Hockey trainers – are you letting muscle imbalances create injuries?

I know a lot of trainers and strength coaches check out this blog for off-ice hockey training tips so today, this one is specifically for you.  Injuries will happen – I believe that is a fact.  It is may be something you are doing in the gym – in which case you need to really figure out where there are flaws in your exercise program design.

If you all of your clients are coming in with knee cap pain – it could be you.  On the other hand you may have one client who has shoulder pain, another with a sore knee, someone else with an achy elbow.  These injuries may be related to the activities they are involved in the 5 days of the week they are not with you.  I have clients who have to drive a lot for work, or spend their work days sitting at a desk, then go out and ram around the ice for an 50-minutes.  Or high school kids who sit through their entire day, then have practice, then sit and do their homework.  These sustained postures will lead to muscle imbalances that then translate into aches and eventually painful injuries.

I have even seen athletes who develop shoulder pain as a result of an ankle sprain that was never rehabbed completely.  These little imbalances and asymmetries may seem insignificant, but we all know what happens when we drive a car with the alignment out of whack – premature tire wear, the brake pads can wear unevenly – and eventually you will be slapped with a costly repair bill.  Just like your body, although the repair bill comes in the form of pain which may last months.

My colleague Rick Kaselj (I describe him as a cross between Rick Steves the travel show guy and a mad scientist) has put together a very comprehensive guide for you outlining exactly how muscle imbalances can create injuries and what you can do to reverse these effects and either prevent an injury or help a client come back after their injury.  I have interviewed Rick on this site before, we talked about muscle imbalances in hockey players and goalies.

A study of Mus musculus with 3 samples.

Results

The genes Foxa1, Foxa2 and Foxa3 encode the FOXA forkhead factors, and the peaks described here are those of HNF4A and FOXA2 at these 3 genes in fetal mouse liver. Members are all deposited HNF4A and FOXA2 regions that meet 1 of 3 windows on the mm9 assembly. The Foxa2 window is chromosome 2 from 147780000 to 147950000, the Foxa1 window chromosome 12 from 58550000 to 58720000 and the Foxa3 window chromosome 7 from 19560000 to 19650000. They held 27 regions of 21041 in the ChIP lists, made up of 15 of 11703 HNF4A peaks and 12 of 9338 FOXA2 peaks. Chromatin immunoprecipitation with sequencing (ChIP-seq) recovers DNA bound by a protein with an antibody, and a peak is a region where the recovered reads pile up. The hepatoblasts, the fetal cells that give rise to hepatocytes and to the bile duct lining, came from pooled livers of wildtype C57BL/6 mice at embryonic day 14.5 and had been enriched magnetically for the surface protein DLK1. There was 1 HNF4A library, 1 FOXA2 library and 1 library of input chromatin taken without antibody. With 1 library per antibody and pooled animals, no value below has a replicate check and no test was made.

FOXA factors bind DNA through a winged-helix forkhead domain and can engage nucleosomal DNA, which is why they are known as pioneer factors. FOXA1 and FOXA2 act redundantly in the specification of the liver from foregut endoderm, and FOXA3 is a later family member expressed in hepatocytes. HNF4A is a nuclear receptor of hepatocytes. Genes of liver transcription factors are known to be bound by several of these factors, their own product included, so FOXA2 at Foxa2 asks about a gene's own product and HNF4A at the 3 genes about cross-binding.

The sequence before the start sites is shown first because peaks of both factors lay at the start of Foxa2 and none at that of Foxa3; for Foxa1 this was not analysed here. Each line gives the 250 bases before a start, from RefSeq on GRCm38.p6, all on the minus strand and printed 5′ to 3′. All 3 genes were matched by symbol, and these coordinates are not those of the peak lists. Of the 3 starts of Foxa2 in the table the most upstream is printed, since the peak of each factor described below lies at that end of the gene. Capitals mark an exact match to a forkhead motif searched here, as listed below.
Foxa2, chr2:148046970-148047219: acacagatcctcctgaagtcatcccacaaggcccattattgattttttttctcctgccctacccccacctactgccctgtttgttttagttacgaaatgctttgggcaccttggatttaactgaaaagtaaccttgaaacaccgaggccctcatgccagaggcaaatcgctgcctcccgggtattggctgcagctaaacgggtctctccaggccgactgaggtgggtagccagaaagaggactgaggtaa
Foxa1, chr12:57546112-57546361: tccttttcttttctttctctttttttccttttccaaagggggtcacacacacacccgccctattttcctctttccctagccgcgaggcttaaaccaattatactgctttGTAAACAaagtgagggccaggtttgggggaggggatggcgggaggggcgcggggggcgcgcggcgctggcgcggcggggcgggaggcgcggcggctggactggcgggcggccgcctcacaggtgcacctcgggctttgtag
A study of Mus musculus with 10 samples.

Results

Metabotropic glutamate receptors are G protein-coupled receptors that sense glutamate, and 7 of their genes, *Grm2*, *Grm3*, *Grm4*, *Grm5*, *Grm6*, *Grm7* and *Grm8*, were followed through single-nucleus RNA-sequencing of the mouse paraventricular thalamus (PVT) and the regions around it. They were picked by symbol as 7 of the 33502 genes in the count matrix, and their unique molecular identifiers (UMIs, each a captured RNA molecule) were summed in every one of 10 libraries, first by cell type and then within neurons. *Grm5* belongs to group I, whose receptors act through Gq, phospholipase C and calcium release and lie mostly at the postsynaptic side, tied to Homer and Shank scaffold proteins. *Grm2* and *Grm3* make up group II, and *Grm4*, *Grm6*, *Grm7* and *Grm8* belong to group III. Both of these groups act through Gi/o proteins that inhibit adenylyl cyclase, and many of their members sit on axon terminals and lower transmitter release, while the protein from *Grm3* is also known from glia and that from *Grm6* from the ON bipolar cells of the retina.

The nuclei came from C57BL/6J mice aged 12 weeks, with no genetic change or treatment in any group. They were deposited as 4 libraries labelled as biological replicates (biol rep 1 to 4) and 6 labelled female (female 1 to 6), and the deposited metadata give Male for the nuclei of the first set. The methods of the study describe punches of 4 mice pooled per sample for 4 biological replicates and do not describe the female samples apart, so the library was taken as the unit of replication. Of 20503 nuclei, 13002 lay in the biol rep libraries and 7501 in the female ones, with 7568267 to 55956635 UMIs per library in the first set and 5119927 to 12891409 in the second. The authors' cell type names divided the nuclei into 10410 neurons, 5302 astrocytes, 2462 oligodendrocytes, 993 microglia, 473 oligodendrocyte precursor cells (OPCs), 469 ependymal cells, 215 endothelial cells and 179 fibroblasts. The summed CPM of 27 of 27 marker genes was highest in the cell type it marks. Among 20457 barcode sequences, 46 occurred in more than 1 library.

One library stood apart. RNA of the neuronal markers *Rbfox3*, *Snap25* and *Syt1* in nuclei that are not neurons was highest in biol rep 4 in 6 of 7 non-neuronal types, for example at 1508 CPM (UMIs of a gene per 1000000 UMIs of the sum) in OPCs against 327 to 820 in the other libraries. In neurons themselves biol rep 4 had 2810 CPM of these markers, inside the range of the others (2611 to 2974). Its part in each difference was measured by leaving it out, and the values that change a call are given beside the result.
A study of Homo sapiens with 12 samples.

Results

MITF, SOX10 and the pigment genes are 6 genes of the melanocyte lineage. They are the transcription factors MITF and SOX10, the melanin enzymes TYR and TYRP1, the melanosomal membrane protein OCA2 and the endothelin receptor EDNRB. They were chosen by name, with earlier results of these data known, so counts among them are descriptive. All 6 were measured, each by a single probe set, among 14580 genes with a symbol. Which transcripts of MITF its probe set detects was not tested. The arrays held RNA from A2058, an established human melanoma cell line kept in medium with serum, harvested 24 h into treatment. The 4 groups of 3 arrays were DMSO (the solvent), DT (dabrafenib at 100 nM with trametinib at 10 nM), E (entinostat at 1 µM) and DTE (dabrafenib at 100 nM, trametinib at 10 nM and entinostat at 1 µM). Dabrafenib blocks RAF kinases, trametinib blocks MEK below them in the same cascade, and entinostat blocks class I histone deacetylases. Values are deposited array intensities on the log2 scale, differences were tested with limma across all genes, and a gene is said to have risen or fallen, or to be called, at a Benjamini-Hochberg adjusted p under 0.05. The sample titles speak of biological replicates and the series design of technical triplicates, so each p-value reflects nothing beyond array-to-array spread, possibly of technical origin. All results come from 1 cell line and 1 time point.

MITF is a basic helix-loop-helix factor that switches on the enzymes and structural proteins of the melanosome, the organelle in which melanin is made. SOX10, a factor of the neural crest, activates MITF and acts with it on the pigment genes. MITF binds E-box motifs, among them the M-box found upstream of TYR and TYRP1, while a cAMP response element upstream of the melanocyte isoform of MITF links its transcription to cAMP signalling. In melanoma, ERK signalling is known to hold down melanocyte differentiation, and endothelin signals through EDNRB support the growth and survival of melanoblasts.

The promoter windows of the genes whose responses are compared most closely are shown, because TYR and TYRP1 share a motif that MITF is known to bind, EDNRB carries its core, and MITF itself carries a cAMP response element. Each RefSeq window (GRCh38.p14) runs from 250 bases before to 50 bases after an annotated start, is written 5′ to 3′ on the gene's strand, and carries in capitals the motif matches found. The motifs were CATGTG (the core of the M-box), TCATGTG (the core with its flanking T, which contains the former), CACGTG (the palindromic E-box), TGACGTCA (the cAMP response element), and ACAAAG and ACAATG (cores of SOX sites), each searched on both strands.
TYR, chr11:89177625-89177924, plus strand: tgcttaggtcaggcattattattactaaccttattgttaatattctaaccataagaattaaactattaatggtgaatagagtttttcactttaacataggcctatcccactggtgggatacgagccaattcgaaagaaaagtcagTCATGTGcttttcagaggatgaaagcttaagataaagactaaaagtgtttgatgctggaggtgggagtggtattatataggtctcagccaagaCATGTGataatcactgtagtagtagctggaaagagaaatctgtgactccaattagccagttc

If I had access to this information when I was just starting out as the exercise specialist at the Fowler Kennedy Sport Medicine Clinic I would have been years ahead in my development.  Now that I have Revolution Conditioning, I find that one of the strengths I have that really differentiates me from the crowd is my understanding of injury prevention.

There are modules for:

  • Knee injuries
  • Shoulder injuries
  • Hip injuries
  • Plus some great explanations of the role fascia plays in all of this.

Don’t have the money to travel to Indianapolis to spend an hour or two with Mike Robertson – no problem, he is does a webinar.  You will also find great webinars by Bill Hartman, Eric Beard, Kevin Yates and Dean Somerset.

I found the ideas presented in a comprehensive way to reach trainers who are just starting out, right up to those of us who have been at it for years.  Rick told me that some individuals have used the program successfully to help them understand their own injuries – I can see the value for sure and I know some will really enjoy all the detail.  For the most part I see this as a great tool for trainers and strength coaches though.  If this is an area where you are lacking, then I suggest you check this out.

This is my affiliate link by the way ( I did not mask the link because I will always be upfront with you).  I will NEVER promote any product that I do not think is beneficial to my readers specifically, it is not worth $20 to me to mislead you.  I actually like my you and want to help!